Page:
Artist:  Michael Klapthor/Klapthors Universal Robots, Atlanta, Georgia

I am making a clay series of sculptures and functional wares based on the 1950s era of science fiction. Robots, rockets, ray guns, and more are made through a combination of pottery and sculpting techniques and then colored with bold glazes and rusty stains. The themes of this series center around whimsy and nostalgia.

The building process gives the sculptures a distinctive look of sleekly designed constructs. But the expressions and posture of the characters give a contrasting layer as they convey the emotional depth.

Most designs begin in my sketchbook as I doodle down ideas for robots or space-themed constructs. From there, I determine what shapes I need to make on the pottery wheel in order to build the sculpture. Once all the pieces have been thrown and partially dried, they are assembled together into a sculptural version of the drawings. After this, multiple kiln firings are necessary to build up the colors, metallics, and patina before the sculpture is complete.

I studied ceramics and printmaking at Georgia College and went on to work as a studio assistant and sculpture instructor at many regional ceramic studios, refining my own work and concepts about ceramics. I’ve bounced around various themes with my sculptures, typically explored through figurative work of some variety. As I spent more time around fellow ceramic artists, I became interested in pottery design and wheel-throwing techniques. Eventually these two interests merged into the robot series I’m creating today.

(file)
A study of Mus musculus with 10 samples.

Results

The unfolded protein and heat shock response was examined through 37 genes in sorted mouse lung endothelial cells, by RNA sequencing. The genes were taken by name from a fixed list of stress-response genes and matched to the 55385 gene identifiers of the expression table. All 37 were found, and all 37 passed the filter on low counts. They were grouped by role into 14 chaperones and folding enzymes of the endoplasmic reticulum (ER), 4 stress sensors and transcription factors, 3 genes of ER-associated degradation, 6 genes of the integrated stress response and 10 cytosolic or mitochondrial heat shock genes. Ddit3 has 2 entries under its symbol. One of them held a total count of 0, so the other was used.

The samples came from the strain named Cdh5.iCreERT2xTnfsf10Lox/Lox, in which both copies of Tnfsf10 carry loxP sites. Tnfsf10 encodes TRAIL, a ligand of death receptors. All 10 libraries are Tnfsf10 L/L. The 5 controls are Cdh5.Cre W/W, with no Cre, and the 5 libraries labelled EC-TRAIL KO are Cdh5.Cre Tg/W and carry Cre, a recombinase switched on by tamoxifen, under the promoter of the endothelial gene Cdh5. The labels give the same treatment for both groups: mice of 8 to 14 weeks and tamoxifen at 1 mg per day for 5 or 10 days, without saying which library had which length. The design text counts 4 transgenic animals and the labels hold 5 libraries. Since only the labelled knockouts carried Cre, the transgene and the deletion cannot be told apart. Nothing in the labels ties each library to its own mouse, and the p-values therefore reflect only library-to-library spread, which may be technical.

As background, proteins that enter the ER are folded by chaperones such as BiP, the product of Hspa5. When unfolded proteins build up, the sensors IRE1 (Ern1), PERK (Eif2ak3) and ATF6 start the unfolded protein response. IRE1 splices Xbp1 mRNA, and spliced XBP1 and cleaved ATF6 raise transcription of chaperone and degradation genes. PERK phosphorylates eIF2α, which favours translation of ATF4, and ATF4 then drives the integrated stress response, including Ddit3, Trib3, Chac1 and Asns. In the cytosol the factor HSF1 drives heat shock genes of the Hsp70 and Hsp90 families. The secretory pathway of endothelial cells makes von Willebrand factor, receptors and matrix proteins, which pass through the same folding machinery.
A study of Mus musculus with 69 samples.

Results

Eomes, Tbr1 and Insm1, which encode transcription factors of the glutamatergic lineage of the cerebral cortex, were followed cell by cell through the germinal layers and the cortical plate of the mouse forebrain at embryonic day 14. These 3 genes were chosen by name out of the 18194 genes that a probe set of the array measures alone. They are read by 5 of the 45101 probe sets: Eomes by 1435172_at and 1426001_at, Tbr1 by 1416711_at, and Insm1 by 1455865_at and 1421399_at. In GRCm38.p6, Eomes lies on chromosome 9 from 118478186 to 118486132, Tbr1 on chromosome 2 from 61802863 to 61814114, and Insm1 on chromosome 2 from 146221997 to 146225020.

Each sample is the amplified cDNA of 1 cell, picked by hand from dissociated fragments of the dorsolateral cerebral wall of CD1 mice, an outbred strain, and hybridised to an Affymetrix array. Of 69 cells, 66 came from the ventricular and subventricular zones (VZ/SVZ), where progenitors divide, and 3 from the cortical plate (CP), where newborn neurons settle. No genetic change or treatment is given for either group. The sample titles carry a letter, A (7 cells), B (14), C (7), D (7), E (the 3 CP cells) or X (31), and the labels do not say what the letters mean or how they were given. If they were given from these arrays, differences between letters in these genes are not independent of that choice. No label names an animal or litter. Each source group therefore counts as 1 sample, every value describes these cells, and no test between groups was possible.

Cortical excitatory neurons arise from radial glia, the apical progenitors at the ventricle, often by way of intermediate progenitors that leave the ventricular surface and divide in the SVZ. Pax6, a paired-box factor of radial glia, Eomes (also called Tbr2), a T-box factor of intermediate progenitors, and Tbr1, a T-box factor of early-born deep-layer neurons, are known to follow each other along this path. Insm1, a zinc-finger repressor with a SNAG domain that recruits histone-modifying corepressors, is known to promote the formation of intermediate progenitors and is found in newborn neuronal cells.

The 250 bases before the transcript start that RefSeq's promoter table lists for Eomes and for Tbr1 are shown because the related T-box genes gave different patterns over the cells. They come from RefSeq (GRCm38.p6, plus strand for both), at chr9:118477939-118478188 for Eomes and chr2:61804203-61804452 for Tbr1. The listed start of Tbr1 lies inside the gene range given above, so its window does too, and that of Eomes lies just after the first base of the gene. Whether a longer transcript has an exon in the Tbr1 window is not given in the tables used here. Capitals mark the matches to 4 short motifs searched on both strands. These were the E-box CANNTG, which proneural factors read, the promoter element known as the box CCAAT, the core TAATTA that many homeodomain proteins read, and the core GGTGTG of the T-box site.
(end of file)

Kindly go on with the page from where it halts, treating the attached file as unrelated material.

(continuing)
The strongest influence on my work is probably the print and film media that is rooted in the science fiction genre of the 1950s and 1960s. These stories delved deep into human nature that found a good amount of both hope and fear and exaggerated the themes into fantastic tales that took these emotions to their furthest logical conclusions. Both the heart and the aesthetic of these stories are what I aim to capture in my work.

This became a time of recentering for me, and I had a chance to explore a few more of my roots as a ceramic artist. I took this time to dabble once again in my sculpting techniques and see how they could work in tandem with the pottery aspect of my designs. Some results have been great; some have been failures. But this period of strange forced reflection has given me the freedom to experiment and fail—something, as a full-time working artist, I wouldn’t have otherwise allowed myself time for.